Good-bye to the Low Profile: The Art of Creative Confrontation by Herb Schmertz with William Novak (Little, Brown: $16.95; 242 pp.) : Fighting Back by William P. Tavoulareas (Simon & Schuster: $15.95; 253 pp.)

May 18, 1986| David Shaw | Shaw writes about the media for The Times. His most recent book is "Press Watch" (Macmillan)

"Fighting Back" and "Good-bye to the Low Profile." The titles of these two books--both by executives of Mobil Oil--are virtually interchangeable.

The books themselves are not.

Although both are relentlessly (and not surprisingly) self-serving, Herb Schmertz's book also manages to be provocative, amusing and insightful. William P. Tavoulareas' book is a diatribe, an angry, one-sided account of his libel suit against the Washington Post.

Schmertz is a former campaigner for John, Robert and Edward Kennedy, but he is best-known as the aggressive vice president of public affairs for Mobil Oil--the man behind Mobil's sponsorship of "Masterpiece Theatre" and Mobil's "advertorials" on the op-ed pages of several major newspapers.

Schmertz believes that corporate America gets a raw deal from the media (especially television), and his basic message in this book is "Fight back--the best defense is a good offense." The book is a primer, a handbook on how to do just that--how to respond to press inquiries and rehearse for interviews and sponsor cultural events and challenge journalists and do anything else to seize the public relations initiative and enhance your corporate image.

"Good-bye . . ." blends Schmertz's inside accounts of Mobil's battles with President Carter, the television networks, the Wall Street Journal, Ralph Nader and Common Cause (among others) with specific, point-by-point tips on how business leaders can best do battle with the press. He urges businessmen to "Grab the good words--and the good concepts--for yourself," for example, and he illustrates the wisdom of that tactic by suggesting that in a struggle between "public-interest" groups and an industry with "windfall profits," there is little doubt which side the public will sympathize with.

In a section titled, "What to do when '60 Minutes' calls," Schmertz lays out a precise strategy for the uneasy executive--which questions to ask before deciding whether to cooperate; how to investigate the reporter; how to set the agenda (and prepare) for the interview; even--if you don't want to cooperate--how to "force them (the journalists) to say no by requesting conditions they can't possibly accept."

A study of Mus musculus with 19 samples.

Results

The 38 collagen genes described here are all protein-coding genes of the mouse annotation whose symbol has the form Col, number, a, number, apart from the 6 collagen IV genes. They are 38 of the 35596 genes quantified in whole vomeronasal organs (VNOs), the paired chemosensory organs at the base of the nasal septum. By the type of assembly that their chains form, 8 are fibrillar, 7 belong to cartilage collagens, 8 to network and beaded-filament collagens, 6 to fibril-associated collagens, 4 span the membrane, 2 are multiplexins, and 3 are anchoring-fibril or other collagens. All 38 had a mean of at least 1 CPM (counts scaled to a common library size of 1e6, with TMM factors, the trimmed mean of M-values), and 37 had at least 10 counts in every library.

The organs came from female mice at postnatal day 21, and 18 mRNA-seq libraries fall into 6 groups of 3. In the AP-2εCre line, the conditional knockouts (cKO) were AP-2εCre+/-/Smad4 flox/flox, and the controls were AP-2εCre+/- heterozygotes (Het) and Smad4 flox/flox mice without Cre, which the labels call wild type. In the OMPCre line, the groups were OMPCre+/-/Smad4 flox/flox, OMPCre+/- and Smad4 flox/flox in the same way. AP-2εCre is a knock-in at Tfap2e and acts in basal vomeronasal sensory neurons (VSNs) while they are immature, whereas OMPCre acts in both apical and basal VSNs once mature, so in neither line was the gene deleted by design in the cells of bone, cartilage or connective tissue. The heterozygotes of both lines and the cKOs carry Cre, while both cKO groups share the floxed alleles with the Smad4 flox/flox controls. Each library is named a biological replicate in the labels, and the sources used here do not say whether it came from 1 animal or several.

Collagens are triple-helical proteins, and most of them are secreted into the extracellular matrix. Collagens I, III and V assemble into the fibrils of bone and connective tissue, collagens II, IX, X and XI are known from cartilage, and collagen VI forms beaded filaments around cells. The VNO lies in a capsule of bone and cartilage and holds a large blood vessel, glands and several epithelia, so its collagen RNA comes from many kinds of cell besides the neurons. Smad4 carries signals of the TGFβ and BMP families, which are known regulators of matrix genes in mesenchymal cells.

Schmertz also offers advice on dealing with government. A business executive summoned to appear in a public hearing, for instance, should "never go . . . alone. Always bring two or three people with you, even if they're not going to say anything. It helps if they look important and carry bulging briefcases."

Schmertz is often glib, occasionally disingenuous (can he really believe that campaign contributions "don't influence legislation"?) and--in my view--too eager to defend big business and too willing to believe the worst of the press in virtually any given situation. But Schmertz is certainly right that the press has sometimes treated business unfairly, and he's on even firmer ground when he castigates journalists for their reluctance "to criticize or examine themselves." He understands the media, and as unsettling as I find some of his judgments, I suspect that his advice on press relations could be very useful to its intended reader, the ambitious corporate executive. In some instances, it could benefit the press and the public as well.

It's difficult, though, to see whom Tavoulareas' book would benefit--except, of course, himself and his publisher. Not that there's anything wrong with that; it's just that Tavoulareas insists on seeing his story in larger terms, as "a peculiarly American struggle," and his attempts to wrap himself in the American Flag are as unsuccessful as they are unattractive.

In 1979, the Washington Post published a front-page story that accused Tavoulareas, then president of Mobil Oil Corp., of using his position to "set up his son . . . as a partner" in a business that subsequently did "millions of dollars in business operating Mobil-owned ships." The story suggested that Tavoulareas may have violated federal securities laws in failing to disclose those connections.

Tavoulareas sued the Post for libel. And won. Then the judge set aside the jury's verdict. Tavoulareas appealed. And won. Then the full district court of appeals vacated that judgment and said it would rehear the case. That hearing is still pending.